Cambridge to revamp lab in memory of sound pioneer Ray Dolby after £85m gift
The scientist’s son credited the university for giving his father his formative education.
The estate of sound pioneer Ray Dolby has donated £85 million to Cambridge University.
Dolby was at Cambridge from 1957 to 1961, and he founded Dolby Laboratories four years later.
It went on to invent sound technologies which made him a fortune, including Dolby Surround, familiar to cinema-goers, Dolby Noise Reduction and the Dolby System.
The £85 million gift, which is the largest philanthropic donation ever made to UK science, will help redevelop an entire laboratory.
The Cavendish Laboratory redevelopment will be named the Ray Dolby Centre, and is expected to open in 2022.
Dolby, who died in 2013 at the age of 80, was a student and later a Fellow of Pembroke College, Cambridge.
His son, David Dolby, said many of his father’s ideas were stimulated by his time at Cambridge.
“My father’s time at the Cavendish provided him with an environment where he got a world-class education in physics, and many of his successful ideas about noise reduction were stimulated by his Cambridge experience,” he said.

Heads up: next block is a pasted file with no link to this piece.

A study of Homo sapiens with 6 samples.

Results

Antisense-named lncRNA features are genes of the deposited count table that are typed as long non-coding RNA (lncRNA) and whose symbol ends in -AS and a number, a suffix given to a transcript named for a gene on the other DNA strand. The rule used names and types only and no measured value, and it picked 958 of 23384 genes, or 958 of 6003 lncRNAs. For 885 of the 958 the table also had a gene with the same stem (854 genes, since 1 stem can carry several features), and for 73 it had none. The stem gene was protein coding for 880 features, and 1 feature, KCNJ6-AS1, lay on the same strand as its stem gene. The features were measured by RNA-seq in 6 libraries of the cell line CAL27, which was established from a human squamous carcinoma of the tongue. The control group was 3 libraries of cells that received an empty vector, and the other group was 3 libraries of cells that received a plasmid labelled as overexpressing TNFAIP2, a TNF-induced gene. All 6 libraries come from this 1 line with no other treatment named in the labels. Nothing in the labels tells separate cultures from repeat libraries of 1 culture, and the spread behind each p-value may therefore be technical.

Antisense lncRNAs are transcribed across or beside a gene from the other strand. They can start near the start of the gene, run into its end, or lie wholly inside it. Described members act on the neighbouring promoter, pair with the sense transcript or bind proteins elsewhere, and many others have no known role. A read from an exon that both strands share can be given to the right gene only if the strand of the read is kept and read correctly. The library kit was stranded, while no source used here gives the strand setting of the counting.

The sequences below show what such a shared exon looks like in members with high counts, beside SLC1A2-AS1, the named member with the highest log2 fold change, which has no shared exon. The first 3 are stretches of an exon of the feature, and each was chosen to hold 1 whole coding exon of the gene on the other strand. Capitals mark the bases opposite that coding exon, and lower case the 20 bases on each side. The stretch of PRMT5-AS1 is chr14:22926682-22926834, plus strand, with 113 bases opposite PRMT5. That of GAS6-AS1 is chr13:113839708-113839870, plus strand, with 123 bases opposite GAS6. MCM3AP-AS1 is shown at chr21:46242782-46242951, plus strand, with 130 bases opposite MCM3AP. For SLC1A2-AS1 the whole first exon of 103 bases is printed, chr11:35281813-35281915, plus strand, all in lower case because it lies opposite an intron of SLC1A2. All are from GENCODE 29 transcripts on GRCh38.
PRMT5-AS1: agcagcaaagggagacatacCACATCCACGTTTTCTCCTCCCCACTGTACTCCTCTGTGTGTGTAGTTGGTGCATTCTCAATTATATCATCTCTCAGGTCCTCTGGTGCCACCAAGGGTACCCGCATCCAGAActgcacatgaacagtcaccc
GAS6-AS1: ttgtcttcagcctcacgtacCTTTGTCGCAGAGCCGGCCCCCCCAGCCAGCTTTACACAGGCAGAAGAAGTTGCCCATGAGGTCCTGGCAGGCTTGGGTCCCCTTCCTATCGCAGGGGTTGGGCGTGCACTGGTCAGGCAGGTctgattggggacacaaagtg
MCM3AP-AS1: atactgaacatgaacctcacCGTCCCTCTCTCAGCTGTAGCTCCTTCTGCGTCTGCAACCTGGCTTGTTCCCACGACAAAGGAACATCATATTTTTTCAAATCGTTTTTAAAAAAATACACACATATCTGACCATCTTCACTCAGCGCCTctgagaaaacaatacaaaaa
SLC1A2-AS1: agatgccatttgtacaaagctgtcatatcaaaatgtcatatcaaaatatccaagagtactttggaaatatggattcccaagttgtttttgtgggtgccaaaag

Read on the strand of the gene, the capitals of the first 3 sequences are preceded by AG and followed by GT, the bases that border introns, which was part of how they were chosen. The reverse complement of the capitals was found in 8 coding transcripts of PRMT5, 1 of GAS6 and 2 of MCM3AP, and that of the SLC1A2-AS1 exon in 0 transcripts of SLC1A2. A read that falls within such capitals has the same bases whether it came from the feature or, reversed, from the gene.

“Our family is pleased to be able to support the future scientists and innovators who will benefit from the thoughtfully designed Ray Dolby Centre.”
Dolby’s widow, Dagmar, said: “The University of Cambridge played a pivotal role in Ray’s life, both personally and professionally.
“At Cambridge and at the Cavendish, he gained the formative education and insights that contributed greatly to his lifelong groundbreaking creativity, and enabled him to start his business.”
The Dolby family previously donated £35 million to Pembroke College in 2015.
It is now the second-largest donor to Cambridge University in its 808-year history. The Bill and Melinda Gates Foundation gave 210 million US dollars for a postgraduate scholarship programme.
Cambridge Vice Chancellor Professor Stephen Toope said: “This unparalleled gift is a fitting tribute to Ray Dolby’s legacy, who changed the way the world listened, his research paved the way for an entire industry.
“A century from now, we can only speculate on which discoveries will alter the way we live our lives, and which new industries will have been born in the Cavendish Laboratory, in large part thanks to this extraordinarily generous gift.”
The new Cavendish Laboratory will be its third home since its founding in 1874.
Its researchers have made many contributions to the development of science over the past 140 years, including the discovery of the electron and of the neutron, and the unravelling of the structure of DNA.